By Michael Levin, CEO, Center for Information Security Awareness – CFISA
Every business and consumer should be concerned about the security of their credit card data. PCI DSS stands for the Payment Card Industry – Data Security Standard. It sets policies and procedures for businesses of all sizes to help implement security best practices in the handling, transmitting, processing and storing of customer credit card information.
When you think of credit card security best practices, do you think about how you expect a business to protect your credit card information when you make a purchase?
- Would you want a business throwing your printed full credit card receipt information into a dumpster?
- Would you be happy if a business emailed or transmitted your credit card number over the internet unencrypted?
- Would it be OK with you if employees left your credit card information on their desk in plain view while they went to lunch?
- How would you feel if your credit card information was stored on a laptop and the laptop was stolen from a parked vehicle?
- Would you be angry if your credit card information was stolen because a business was careless with security of your credit card data?
PCI DSS was created to address these issues and create security best practices for the credit card industry including all businesses that accept credit cards.
PCI DSS Security Awareness Training is a Required Best Practice
One of the important requirements of PCI DSS compliance involves the PCI security awareness training of employees upon hire and annually. This training must be conducted yearly and can be completed in conjunction with the signing of the acceptable use policy statement.
The acceptable use policy statement describes the policies and procedures employees are required to follow when using company computers and resources.
If you accept, manage, or transmit credit cards and the personal information contained in the card, you need to train your employees upon hire and annually to be PCI DSS compliant.
Employees are on the front line to protect the credit card information and their understanding of the rules and vigilance is imperative. Training all employees on the rules of PCI DSS compliance should be one of the first steps required when starting this process.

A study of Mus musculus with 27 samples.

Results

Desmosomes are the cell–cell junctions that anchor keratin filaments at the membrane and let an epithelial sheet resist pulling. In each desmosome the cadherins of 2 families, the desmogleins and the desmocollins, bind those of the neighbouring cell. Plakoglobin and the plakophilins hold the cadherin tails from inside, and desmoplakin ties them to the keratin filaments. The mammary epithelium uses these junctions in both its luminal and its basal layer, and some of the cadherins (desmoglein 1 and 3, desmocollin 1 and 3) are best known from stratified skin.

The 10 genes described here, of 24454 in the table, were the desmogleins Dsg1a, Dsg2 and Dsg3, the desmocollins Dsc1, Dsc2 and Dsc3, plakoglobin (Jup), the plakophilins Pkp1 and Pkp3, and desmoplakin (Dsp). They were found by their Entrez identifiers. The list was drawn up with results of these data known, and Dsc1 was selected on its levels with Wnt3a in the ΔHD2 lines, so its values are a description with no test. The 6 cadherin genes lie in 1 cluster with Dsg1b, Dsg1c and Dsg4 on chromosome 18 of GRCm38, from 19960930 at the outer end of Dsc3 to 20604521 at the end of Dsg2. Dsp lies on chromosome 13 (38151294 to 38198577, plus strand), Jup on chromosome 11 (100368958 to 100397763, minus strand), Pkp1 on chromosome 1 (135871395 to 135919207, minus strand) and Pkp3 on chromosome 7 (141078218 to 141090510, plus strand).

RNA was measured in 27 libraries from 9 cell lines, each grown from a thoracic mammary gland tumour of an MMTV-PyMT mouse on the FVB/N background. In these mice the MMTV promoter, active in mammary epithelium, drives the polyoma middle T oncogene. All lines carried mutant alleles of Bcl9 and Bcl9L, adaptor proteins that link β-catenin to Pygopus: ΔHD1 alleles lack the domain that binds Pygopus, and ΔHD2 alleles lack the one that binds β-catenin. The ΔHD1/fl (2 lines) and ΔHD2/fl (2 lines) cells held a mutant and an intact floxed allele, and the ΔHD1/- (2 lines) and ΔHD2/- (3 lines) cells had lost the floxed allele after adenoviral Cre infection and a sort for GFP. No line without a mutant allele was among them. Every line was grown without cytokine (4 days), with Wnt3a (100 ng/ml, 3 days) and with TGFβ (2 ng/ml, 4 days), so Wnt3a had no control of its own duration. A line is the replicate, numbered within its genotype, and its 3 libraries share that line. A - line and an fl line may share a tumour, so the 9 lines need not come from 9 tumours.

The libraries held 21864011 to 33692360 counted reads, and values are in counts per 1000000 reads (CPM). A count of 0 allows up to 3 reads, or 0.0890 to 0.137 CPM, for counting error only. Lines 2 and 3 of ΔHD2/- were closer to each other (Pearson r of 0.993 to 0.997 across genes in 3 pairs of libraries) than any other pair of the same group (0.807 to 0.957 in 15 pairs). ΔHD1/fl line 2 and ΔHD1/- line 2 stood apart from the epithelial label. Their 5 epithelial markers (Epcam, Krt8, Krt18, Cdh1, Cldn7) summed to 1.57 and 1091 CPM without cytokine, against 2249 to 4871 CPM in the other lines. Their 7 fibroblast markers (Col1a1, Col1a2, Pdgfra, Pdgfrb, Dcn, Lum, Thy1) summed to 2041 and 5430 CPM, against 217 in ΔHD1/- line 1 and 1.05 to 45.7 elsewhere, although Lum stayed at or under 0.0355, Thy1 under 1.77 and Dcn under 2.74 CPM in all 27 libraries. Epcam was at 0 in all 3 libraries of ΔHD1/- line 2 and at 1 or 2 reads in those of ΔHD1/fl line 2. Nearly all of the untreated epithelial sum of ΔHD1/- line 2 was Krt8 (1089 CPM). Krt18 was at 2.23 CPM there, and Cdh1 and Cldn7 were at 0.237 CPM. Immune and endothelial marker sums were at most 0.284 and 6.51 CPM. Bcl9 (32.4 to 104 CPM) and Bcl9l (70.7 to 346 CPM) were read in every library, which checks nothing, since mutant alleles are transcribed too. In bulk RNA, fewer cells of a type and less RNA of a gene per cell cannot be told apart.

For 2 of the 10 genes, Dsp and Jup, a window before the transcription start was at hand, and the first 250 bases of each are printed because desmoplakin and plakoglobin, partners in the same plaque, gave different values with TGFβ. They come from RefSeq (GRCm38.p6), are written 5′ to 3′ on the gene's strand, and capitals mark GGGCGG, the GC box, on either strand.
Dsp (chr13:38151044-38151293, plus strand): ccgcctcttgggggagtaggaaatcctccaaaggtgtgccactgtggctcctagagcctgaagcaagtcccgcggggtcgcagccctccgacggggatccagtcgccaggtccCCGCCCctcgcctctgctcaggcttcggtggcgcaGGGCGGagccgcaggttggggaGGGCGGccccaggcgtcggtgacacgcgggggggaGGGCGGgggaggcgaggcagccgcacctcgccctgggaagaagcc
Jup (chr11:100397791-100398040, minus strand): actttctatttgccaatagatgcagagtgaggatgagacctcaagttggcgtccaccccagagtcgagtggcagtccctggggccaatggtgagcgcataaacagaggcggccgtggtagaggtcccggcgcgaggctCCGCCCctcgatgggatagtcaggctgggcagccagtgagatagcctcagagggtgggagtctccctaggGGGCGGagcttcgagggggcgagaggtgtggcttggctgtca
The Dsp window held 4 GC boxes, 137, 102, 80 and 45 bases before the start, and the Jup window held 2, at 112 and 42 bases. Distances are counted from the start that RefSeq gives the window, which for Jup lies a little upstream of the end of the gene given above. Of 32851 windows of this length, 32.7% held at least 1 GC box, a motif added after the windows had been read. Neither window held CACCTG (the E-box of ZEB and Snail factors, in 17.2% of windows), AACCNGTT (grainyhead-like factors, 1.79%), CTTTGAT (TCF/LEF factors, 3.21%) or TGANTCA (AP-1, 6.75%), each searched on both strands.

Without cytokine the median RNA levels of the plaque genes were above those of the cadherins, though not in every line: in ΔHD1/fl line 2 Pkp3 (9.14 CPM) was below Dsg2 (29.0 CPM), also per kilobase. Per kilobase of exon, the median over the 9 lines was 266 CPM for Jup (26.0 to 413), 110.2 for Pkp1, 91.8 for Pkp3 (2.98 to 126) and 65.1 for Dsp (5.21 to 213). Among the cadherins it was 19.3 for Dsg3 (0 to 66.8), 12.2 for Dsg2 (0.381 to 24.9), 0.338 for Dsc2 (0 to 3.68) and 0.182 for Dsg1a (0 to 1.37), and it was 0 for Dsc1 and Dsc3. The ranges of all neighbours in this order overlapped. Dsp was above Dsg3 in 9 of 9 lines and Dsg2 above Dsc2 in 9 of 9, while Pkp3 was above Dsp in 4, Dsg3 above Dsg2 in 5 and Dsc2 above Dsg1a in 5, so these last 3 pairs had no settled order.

Important PCI DSS Training Topics
Whether your employees work at the front desk with customers or in a back office, they are equally responsible to follow the PCI DSS rules.
Employees need to be aware that if they see a problem with the way credit card data is being handled that they report this to their manager as soon as possible. This is an important piece of the PCI DSS security awareness training requirement.
Here are some of the most important topics that must be included in PCI DSS Training:
- All employees must insure that any third-party vendors including repair staff are legitimate and authorised to be onsite.
- Employees must always verify that any vendor to access areas where credit card data is stored is approved and are authorised.
- Criminals will also try to pose as authorised maintenance personnel in order to gain access to point of sale devices.
- All third parties that request access to any computer or point of sale device must be verified before being provided access.
- There are clear policies that insure that credit cards are only processed on devices or computers designated for this purpose and that customer pins or account data is never stored on any device.
- Any computer used for the processing of credit cards can only be used for this purpose.
- No employee or maintenance staff is ever authorised to unplug or remove the point of sale device and the disabling of anti-virus software on any work computer is not allowed.
The education of all employees on PCI DSS rules is now a required best practice for all organisations that process credit cards. It is imperative that employees always treat customer credit card information, as they would want their own information to be protected.
About Michael Levin
Michael Levin is a nationally known cyber security professional who spent over twenty-two years in the U.S. Secret Service protecting Presidents and Heads of State. Michael retired from the U.S. Department of Homeland Security – as the Deputy Director of the National Cyber Security Division in Washington DC. He enjoyed a distinguished thirty-year career in public service and law enforcement.
Michael also served as the Branch Chief of the U.S. Secret Service Electronic Crimes Task Force program in Washington DC, supervising 17 task forces across the country. He worked in the area of computer forensics and cyber-crime investigations for over twenty years.
Other assignments included numerous Presidential, Vice Presidential and dignitary protective assignments as well as working at the CIA and NSA as the Secret Service Intelligence Liaison Officer.
After this distinguished career and seeing the need, Michael founded the Center for Information Security Awareness – https://www.cfisa.com/
The CFISA was created to explore ways to increase cyber security awareness among many audiences, including consumers, employees, businesses and law enforcement. CFISA provides online and on-site cyber security awareness training services to businesses and organisations of all sizes.